January 20, 2007

Armies and Indoctrination

Armies have always fascinated me. The fascination began with G. I. Joe action figures and might culminate by figuring centrally in a doctoral dissertation. I remember a conversation in college pre-Abu Ghraib with a politically conservative friend who insisted that the US Army pumped out jawans who were critical and ethical and unlikely to abuse their power in post-conflict situations. Abu Ghraib surprised him greatly. But having been around military families in South Asia and interacted with various personnel, egregious conduct from soldiers, even in peacekeeping situations never surprise me. Afterall, isn't the whole idea of an army is to train obsequious combatants, who will suspend all ethic and critical judgment to obey orders? How can such a rigorous process of indoctrination in one nationalism or the other, or some other form of -ism, not produce many strangeos? They would be more than "exceptional" I would think. How can such an intense process of bodily and emotional disciplining not change one chemically, and often unpredictably?

1860s onwards, the British in India stopped recruiting from the South and the East (Madras and Bengal Presidencies) after a Mutiny and opted instead for jawans from the North-West. Their raison d'etre was two-fold: firstly, the jawans from the North-West (modern-day Punjab, Kashmir, NWFP, Rajasthan, etc) were more "martial" and secondly, more obedient. The ideological indoctrination in armies was so powerful that a wonderfully symbiotic alliance formed between Punjab and the colonial state. Consequently, the Independence movement against the British took a while to get off the ground in the Punjab (See Rajit Mazumdar on this). Another historian has also attempted to explain the war machine that was the Germany Army in the 20th century by drawing on colonial wars that the German Army fought in Africa in the 19th Century. She has argued that motivated by racism against Africans, the German Army adopted a tendency of "absolute destruction" which became internalized, the worst excesses of which came to pass in the World Wars.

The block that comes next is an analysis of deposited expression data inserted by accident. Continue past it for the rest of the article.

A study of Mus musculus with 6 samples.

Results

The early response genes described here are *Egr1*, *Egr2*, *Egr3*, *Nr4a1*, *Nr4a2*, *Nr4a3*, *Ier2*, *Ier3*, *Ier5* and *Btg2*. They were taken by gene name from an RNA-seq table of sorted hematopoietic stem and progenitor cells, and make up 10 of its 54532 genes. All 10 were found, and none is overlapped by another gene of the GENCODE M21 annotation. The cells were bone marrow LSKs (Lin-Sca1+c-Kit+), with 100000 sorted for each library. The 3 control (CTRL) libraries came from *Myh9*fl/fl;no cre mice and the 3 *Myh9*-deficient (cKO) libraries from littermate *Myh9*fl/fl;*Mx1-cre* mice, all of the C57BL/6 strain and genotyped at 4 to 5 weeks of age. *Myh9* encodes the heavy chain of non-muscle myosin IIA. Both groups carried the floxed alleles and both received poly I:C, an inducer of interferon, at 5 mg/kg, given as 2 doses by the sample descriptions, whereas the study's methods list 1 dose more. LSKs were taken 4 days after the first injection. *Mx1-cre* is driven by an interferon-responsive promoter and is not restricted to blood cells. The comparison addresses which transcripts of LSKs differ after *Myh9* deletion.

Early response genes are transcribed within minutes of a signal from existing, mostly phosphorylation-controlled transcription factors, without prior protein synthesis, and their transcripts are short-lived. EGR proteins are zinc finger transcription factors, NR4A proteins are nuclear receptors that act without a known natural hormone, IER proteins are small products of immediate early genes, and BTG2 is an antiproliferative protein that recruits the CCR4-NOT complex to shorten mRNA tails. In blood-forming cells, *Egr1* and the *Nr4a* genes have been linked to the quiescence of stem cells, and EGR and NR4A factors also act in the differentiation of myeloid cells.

What we see today seems no different. I was reading somewhere that over 200 UN “peacekeepers” have been sent back to their home countries or otherwise disciplined for sexual and other misbehavior. One wonders how a group of (usually) under-privileged teenagers conditioned and disciplined through one ideology or the other, dangerously real-politik, and in line with one nation’s and imagined community's exclusive gain over others’ – can ever be counted upon to act as a moral or social police.

UN peacekeeping missions in Haiti, Liberia, Congo, Sudan, and Somalia have been notorious. The Bangladeshi state, as much as it trumpets it prolific record in peacekeeping missions, have a lot to be mortified about. Bangladeshi peacekeepers have been notorious in southern Sudan. About 15 Bangladeshi peacekeepers have been disciplined for sexual offenses against Sudanese girls, many of them minors.

Last year, I ran into to a Indian Uncle who happened to be a retired Army officer, during a layover at the Kuwait Airport. He said he was trying his hand in journalism and wanted to write a piece he wanted to call "Ethics of Bombing." It appeared as if he had thought much about the needfulness of bombing enemy states into oblivion. Slightly intimidated by his hawkishness, I resisted the temptation to suggest how the said piece might be better entitled "Bombing of Ethics."